This paper uses linked establishment-firm-employee data to examine the relationship between the scientists and engineers proportion (SEP) of employment, and productivity and labor earnings. We show that: (1) most scientists and engineers in industry are employed in establishments producing goods or services, and do not perform research and development (R&D); (2) productivity is higher in manufacturing establishments with higher SEP, and increases with increases in SEP; (3) employee earnings are higher in manufacturing establishments with higher SEP, and increase substantially for employees who move to establishments with higher SEP, but only modestly for employees within an establishment when SEP increases in the establishment. The results suggest that the work of scientists and engineers in goods and services producing establishments is an important pathway for increasing productivity and earnings, separate and distinct from the work of scientists and engineers who perform R&D.
Prior to its economic reforms, China did not have an operating labor market. The government assigned workers to firms rather than allowing them to choose their own place of work and used hukou residency policies to keep rural people from migrating to cities. Firms hired workers that government labor bureaus assigned to them regardless of economic need and paid the workers according to a national wage grid from a payroll budget set by the government. As China reformed its urban economy from the 1980s through the 2000s, the government relaxed its control of workers and firms and gave greater leeway to supply and demand to set employment, wages, and working conditions. This essay tells how China moved from state determination of labor outcomes to a genuine labor market and how the new labor market with Chinese characteristics has operated. It examines three big labor problems that face China on its path of continued economic growth: labor-management conflict; absorbing millions of university graduates into fruitful jobs; and bringing rural persons and informal sector workers fully into the modern economy.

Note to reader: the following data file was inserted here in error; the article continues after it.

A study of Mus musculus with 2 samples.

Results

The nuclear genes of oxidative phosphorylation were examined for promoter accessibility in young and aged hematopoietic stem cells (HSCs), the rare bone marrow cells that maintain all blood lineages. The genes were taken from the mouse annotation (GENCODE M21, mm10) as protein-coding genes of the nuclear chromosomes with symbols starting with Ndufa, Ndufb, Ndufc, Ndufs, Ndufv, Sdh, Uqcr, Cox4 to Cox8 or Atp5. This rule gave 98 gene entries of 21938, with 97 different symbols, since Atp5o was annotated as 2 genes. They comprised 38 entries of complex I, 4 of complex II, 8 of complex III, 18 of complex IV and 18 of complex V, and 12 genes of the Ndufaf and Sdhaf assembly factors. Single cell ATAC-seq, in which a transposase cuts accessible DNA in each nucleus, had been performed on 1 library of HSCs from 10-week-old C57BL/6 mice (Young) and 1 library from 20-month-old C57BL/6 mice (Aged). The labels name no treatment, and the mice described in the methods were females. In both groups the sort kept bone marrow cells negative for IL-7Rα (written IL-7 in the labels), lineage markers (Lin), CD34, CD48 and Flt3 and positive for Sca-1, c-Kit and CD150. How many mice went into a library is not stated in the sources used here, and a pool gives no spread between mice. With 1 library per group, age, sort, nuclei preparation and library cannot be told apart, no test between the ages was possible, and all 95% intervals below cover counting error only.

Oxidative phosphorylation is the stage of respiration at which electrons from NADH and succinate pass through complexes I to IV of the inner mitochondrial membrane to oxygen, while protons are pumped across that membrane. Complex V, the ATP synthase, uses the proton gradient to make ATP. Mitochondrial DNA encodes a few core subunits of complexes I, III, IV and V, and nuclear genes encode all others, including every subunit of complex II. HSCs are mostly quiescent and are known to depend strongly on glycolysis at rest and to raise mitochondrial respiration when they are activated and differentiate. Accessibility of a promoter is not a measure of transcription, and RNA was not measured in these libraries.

This paper examines international and domestic collaborations using data from an original survey of corresponding authors and Web of Science data of articles that had at least one US coauthor in the fields of Particle and Field Physics, Nanoscience and Nanotechnology, and Biotechnology and Applied Microbiology. The data allow us to investigate the connections among coauthors and the views of corresponding authors about the collaboration. We have four main findings. First, we find that US collaborations have increased across US cities as well as across international borders, with the nature of collaborations across cities resembling that across countries. Second, face-to-face meetings are important in collaborations: most collaborators first met working in the same institution and communicate often through meetings with coauthors from distant locations. Third, the main reason for most collaborations is to combine the specialized knowledge and skills of coauthors, but there are substantial differences in the mode of collaborations between small lab-based science and big science, where international collaborations are more prevalent. Fourth, for biotech, we find that citations to international papers are higher compared to papers with domestic collaborators only, but not for the other two fields. Moreover, in all three fields, papers with the same number of coauthors had lower citations if they were international collaborations. Overall, our findings suggest that all collaborations are best viewed from a framework of collaborations across space broadly, rather than in terms of international as opposed to domestic collaborative activity.
Globalization of scientific and technological knowledge has reduced the US share of world scientific activity; increased the foreign-born proportion of scientists and engineers in US universities and in the US labor market; and led to greater US scientific collaborations with other countries. China's massive investments in university education and R&D has in particular made it a special partner for the US in scientific work. These developments have substantial implications for US science and technology policy. This paper suggests that aligning immigration policies more closely to the influx of international students; granting fellowships to students working on turning scientific and technological into commercial innovations; and requiring firms with R&D tax credits or other government R&D funding develop “impact plans” to use their new knowledge to produce innovative products or processes in the US could help the country adjust to the changing global world of science and technology.